When in it comes to being sexually liberated, San Francisco likes to believe it's been there, done that. So for a city that was a pioneer in offering sex changes as a benefit, it's hard to understand how and why we are failing our bisexual population so badly.
But it's true.
The city's Human Rights Commission released a thick report this month that shows just how biphobic San Francisco is. Despite years of activism, bisexuals continue to be branded as invalid, by both homosexuals and heterosexuals alike, according to the report.
First, how should we define bisexuality? According to the report, anyone who has the capacity for emotional, romantic, and physical attraction to more than one sex or gender -- and would be involved with them is bisexual.
Roughly 3 percent of the nationwide population identifies as bisexual,
yet over the last two years, zero grant dollars went toward programs and services specifically
dedicated to assisting bisexuals.
In short, the needs of bisexuals are being ignored.
"It's certainly groundbreaking," said David Miree, policy analyst for the Human Rights Commission. "This report acknowledged that bisexuality is a definite sexual orientation."
Here are some of the facts:
Believe it or not, bisexuals are more likely to commit suicide than gays and lesbians, and they earn much less than others in the LGBT community. Bisexual women are more than twice as likely as lesbians to live in poverty and bisexuals are much less likely to come out to their doctors, which can affect their preventative health care.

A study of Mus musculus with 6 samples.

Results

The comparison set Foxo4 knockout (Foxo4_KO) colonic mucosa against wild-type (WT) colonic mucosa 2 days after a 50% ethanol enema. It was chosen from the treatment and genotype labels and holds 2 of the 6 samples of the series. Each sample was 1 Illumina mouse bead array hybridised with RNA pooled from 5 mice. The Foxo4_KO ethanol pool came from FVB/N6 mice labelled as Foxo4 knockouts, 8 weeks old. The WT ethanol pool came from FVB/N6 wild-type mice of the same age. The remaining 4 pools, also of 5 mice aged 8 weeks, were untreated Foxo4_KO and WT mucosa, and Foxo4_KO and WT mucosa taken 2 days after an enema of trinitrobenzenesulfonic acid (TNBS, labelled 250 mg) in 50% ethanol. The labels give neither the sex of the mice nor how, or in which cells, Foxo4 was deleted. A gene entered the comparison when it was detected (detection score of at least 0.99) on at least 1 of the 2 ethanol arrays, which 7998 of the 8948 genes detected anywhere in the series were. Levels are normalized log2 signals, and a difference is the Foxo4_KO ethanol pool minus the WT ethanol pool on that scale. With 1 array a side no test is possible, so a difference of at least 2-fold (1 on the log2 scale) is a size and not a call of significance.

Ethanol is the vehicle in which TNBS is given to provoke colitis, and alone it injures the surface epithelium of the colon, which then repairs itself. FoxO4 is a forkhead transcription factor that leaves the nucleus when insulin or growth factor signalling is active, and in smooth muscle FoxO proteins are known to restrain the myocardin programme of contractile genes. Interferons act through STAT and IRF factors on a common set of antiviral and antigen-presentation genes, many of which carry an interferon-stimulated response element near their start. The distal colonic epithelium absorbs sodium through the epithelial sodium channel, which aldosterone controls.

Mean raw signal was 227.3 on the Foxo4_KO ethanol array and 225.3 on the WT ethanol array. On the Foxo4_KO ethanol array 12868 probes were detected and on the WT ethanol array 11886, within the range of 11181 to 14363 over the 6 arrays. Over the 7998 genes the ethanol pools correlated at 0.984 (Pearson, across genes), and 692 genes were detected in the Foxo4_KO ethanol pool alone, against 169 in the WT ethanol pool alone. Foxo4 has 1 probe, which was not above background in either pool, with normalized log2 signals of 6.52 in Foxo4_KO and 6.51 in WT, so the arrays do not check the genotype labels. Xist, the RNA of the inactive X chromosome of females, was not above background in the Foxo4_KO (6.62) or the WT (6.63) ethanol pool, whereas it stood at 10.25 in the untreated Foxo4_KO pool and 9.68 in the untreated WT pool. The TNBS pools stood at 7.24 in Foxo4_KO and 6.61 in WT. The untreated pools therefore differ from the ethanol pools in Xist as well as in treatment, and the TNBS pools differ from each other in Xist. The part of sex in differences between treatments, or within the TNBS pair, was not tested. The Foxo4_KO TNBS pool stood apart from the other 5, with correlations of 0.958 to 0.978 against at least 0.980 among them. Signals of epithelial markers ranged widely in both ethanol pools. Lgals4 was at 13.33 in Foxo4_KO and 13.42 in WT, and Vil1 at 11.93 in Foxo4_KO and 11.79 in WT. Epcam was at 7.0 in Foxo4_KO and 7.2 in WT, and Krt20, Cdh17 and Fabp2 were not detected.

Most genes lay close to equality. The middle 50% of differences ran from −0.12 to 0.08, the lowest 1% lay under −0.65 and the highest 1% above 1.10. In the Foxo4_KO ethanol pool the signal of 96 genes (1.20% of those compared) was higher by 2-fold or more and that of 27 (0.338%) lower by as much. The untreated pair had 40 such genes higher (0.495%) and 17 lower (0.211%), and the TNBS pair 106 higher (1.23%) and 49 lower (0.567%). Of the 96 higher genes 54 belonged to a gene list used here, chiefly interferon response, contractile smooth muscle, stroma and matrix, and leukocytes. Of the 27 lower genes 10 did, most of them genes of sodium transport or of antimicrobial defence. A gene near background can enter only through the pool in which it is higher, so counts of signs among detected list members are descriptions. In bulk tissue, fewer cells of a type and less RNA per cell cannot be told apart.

Lindasusan Urlich, who was the principle author of the report, told SF Weekly, that much of this biphobia is institutionalized -- there's no training specific to dealing with bisexuals; as a result, this group tends to get lost in the shuffle. In a panel of LGBT speakers,
for instance, how often is there a bisexual representative?
"A lot of people don't want to be labeled, which makes it hard," she said.
In 1995 after a report on the needs of transgender residents was released, the Board of Supervisors quickly put together a task force that shaped the city and community's response to this population. Urlich is hoping city lawmakers will do the same and find ways to help bisexuals feel a little more welcome.
"I'm an 'out' bisexual living in San Francisco and the impact of invisibility is demoralizing," Urlich said.